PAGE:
By Heather Murphy
My joy regarding the election of President Obama...
wait a minute. I have to say that a few more times. It's still sinking in.
Okay, I'm back. It's wonderful news for me. But my joy regarding the election of President Obama is seriously clouded by the passing of Prop 8 in California, which takes away the right of same-sex couples to marry in that state.
And I'm not alone.
At the Mormon Temple, protestors are still marching. Why the Mormon Temple, you ask? I'm glad you asked. It seems that the Church of Latter-Day Saints financed the campaign for Prop 8. They paid for at least half the costs of the campaign, and, by some estimates, up to 75% of the campaign costs.
Problem is, the laws governing tax-exempt organizations like churches don't permit a church to finance a political campaign. From Section 501(c)(3) of US Code Title 26, the definition of a tax-exempt organization includes the phrase, "no substantial part of the activities of which is carrying on propaganda, or otherwise attempting, to influence legislation."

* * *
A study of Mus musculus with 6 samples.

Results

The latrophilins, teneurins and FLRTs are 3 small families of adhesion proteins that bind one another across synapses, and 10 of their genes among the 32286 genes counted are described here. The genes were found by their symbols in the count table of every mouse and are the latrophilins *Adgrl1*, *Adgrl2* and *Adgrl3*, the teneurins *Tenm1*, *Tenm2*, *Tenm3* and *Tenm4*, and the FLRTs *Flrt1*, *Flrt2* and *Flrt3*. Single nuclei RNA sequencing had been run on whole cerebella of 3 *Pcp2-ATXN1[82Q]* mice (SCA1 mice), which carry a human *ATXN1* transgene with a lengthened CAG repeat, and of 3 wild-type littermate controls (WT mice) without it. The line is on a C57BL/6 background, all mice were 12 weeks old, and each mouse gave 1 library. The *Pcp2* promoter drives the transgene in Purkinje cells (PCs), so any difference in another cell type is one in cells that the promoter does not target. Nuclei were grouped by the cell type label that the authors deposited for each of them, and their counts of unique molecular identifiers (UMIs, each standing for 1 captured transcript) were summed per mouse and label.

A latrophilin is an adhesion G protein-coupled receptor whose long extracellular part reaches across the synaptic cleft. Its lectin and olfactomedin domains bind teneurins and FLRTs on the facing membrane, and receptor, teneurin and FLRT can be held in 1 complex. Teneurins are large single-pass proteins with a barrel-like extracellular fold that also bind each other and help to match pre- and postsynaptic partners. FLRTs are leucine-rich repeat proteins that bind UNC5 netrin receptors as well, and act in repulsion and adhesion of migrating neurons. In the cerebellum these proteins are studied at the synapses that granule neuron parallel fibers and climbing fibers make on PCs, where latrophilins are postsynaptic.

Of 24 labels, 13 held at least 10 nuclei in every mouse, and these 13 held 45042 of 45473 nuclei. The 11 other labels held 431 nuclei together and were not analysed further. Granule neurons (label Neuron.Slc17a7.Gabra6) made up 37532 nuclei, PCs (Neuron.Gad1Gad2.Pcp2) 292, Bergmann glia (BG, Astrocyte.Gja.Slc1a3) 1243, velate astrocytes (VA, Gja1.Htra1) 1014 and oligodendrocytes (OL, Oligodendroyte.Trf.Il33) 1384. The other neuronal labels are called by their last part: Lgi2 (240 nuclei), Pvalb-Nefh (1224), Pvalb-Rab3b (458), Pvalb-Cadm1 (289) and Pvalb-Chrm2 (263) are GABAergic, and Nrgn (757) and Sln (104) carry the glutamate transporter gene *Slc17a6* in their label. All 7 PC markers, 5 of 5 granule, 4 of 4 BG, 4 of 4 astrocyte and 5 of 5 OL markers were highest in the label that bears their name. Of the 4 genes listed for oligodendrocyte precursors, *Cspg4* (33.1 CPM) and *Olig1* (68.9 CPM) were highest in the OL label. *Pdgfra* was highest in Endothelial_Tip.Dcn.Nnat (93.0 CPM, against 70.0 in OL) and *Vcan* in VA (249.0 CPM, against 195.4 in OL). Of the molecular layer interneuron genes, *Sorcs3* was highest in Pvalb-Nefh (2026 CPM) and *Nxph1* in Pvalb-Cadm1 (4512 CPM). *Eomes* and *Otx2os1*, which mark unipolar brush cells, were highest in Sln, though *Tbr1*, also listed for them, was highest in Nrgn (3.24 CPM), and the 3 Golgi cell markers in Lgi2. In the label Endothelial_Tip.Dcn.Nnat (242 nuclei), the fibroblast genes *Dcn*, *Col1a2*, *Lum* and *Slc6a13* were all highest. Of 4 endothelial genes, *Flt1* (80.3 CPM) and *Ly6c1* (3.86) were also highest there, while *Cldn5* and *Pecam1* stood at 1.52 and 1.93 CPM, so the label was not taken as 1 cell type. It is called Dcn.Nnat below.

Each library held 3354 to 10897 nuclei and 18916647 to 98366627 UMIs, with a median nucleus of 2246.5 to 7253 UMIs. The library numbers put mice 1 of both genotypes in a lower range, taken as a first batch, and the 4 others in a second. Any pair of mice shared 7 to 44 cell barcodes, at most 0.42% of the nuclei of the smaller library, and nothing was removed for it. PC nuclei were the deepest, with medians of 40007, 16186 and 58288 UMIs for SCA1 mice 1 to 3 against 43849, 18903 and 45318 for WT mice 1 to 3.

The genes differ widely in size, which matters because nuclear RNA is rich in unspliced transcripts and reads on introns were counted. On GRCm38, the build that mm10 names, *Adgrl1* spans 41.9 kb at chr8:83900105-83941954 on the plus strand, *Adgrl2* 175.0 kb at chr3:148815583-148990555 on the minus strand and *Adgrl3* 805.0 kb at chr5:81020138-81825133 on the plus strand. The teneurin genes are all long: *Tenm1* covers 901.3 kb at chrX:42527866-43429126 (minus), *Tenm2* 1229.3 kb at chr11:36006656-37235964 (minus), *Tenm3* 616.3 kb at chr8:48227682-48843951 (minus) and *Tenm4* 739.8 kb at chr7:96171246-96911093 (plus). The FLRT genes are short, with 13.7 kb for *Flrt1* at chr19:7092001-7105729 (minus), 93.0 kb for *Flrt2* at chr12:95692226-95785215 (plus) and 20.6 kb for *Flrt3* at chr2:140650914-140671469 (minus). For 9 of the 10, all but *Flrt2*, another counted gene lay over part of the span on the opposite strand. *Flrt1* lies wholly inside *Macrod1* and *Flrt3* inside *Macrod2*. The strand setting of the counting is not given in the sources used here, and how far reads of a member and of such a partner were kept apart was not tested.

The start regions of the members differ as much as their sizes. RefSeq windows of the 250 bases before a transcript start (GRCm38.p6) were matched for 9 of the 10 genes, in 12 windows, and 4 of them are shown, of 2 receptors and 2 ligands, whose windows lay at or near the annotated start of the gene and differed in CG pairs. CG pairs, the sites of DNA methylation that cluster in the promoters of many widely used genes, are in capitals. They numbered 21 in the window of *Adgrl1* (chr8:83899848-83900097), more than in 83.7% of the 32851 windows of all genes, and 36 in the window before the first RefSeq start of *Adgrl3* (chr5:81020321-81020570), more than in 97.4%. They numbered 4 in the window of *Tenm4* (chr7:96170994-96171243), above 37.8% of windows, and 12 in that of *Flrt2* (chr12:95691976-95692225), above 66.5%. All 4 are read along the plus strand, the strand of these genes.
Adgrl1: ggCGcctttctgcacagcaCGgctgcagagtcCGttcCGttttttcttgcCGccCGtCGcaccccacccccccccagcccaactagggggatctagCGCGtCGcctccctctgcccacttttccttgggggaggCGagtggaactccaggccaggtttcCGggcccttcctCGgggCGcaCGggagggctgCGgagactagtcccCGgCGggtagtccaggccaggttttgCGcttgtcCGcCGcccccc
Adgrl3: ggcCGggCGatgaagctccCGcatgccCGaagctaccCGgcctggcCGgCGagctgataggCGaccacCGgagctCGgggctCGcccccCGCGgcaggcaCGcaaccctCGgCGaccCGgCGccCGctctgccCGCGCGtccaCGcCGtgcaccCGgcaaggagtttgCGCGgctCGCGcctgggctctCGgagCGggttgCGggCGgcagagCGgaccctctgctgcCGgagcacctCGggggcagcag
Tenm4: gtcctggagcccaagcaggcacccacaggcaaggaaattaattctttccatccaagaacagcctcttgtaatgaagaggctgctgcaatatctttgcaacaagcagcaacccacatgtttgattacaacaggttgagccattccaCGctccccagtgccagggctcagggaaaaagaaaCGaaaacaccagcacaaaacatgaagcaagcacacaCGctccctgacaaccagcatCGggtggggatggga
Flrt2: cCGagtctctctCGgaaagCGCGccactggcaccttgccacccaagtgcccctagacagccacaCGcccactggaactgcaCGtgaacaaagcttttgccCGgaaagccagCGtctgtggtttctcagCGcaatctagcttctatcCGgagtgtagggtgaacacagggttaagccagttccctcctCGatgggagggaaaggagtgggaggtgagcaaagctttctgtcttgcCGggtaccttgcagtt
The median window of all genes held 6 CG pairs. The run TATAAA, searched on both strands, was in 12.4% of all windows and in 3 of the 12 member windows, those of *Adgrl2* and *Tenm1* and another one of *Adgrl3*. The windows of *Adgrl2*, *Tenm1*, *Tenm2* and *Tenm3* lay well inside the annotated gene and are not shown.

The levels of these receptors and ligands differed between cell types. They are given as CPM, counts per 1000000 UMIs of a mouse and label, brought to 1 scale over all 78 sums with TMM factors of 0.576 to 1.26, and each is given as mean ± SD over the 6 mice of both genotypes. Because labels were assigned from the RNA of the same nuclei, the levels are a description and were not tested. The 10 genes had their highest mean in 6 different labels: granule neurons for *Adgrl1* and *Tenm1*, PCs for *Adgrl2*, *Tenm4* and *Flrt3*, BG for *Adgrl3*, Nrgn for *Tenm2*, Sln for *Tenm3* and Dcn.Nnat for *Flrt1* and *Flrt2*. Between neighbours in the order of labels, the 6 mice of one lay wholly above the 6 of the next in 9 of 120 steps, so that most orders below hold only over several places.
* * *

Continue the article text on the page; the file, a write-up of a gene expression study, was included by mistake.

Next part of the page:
Now, doesn't it sort of sound like the Mormons have violated the law in the process of robbing GLBT people of their constitutional right to legal equality? Because it sounds that way to me.
And I think it's important that the IRS imposes an appropriate penalty. Like, say, financial remuneration to every gay person in California equal to the financial benefits that come from marriage, plus an appropriate amount for pain and suffering. Or the revocation of their tax-exempt status.
If you agree, why not send a message to the IRS letting them know about this violation of the law? This blog has some instructions on exactly how you could do that.